It is extremely satisfying to discover beauty in simple things. Take a minute to think about the last time you enjoyed a glass of Port after a meal... mind drawing a blank? Ok, let’s try this again. Think about the last time you took a moment to sit and relax, perhaps after dinner without television or email, maybe there is a good book or conversation involved. As I sit here and reminisce of my evenings past I realize I have overlooked the opportunity to enjoy a glorious glass of Port. A fortified wine from the Douro in Portugal whose simplicity is surprisingly complex.
The Douro region is located in northern Portugal. It’s one of the world’s oldest appellations, officially named in 1756. “Port” is a protected term, enforced by the government-run Douro Port Wine Institute (IVDP) which supervises the promotion, production and trade of all Douro (DOP) wines. This system ensures the authenticity and quality of the Port available today and in the future (The IVDP also limits the sales of port to one-third of their inventory annually). The vineyards are comprised of schist soils (metamorphic rock composed mostly of clay) and planted on steep terraced slopes along the Douro River, making for some of the most picturesque aerial views in the world.
There are two main styles of port, Ruby and Tawny. Understanding how they are made may help inspire us to try one. It’s been my experience that because Port is referred to as dessert wine we assume it is going to just be sweet, but it can be very sweet or almost dry. In the store we use a 1-5 scale when we talk about perceived sweetness in wine, five being the sweetest. Port also has a range of colors and flavors from vibrant dark fruit and spice (Ruby), to lighter amber with notes of toffee, dried fruits, toasted nuts and citrus (Tawny). There are several grapes planted for the production of Port with the main ones being Touriga Nacional, Touriga Francesca, Tinta Roriz, Tinta Cão and Tinta Barroca and hundreds more planted for the production of still wine. The grapes are harvested by hand, destemmed and crushed. Then fermented in “lagares,” large open granite troughs, until the winemaker reaches the desired level of sugar. The wine is then pressed off the solids and a neutral grape brandy is added to halt the fermentation and to preserve the sweetness in the wine. The winemaker then decides how long to age and what to vessel to use for the desired outcome as Ruby or Tawny Port.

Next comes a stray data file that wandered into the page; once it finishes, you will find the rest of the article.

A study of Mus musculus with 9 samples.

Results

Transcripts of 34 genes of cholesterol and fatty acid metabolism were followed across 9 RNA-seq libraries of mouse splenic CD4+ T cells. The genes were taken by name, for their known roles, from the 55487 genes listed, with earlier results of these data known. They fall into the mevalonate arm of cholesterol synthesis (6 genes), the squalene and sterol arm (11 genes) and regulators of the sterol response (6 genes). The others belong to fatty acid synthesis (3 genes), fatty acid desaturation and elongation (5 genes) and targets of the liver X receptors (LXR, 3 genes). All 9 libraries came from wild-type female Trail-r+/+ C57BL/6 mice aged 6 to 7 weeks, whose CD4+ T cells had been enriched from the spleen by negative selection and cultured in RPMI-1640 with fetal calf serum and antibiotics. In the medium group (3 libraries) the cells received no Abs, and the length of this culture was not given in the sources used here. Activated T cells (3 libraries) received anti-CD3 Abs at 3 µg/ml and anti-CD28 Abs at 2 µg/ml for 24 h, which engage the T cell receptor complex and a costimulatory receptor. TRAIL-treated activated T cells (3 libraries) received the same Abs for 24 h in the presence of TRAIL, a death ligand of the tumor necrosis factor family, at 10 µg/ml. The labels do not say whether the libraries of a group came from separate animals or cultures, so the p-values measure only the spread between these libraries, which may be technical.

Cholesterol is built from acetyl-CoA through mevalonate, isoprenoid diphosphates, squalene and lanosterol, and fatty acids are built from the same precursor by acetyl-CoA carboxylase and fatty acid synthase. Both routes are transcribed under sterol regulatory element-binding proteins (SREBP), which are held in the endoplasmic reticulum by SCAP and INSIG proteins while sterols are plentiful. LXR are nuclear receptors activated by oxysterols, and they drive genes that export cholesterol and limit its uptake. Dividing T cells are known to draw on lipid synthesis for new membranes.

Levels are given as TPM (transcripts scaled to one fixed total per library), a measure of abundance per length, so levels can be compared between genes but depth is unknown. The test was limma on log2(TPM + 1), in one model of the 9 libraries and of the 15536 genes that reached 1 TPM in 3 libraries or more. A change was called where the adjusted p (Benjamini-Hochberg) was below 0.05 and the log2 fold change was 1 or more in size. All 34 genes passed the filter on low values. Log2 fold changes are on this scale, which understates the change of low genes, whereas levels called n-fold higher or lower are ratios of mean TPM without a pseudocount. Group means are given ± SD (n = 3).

I’ll talk more about differences in the aging of Ruby and Tawny Port and selecting the right Port for you in my next post. You can find a range of Port and red wine from Kopke, one of the oldest and most historical houses on our shelves. I hope I’ve got you thinking about what you are pouring yourself the next time you find yourself at home with a free moment.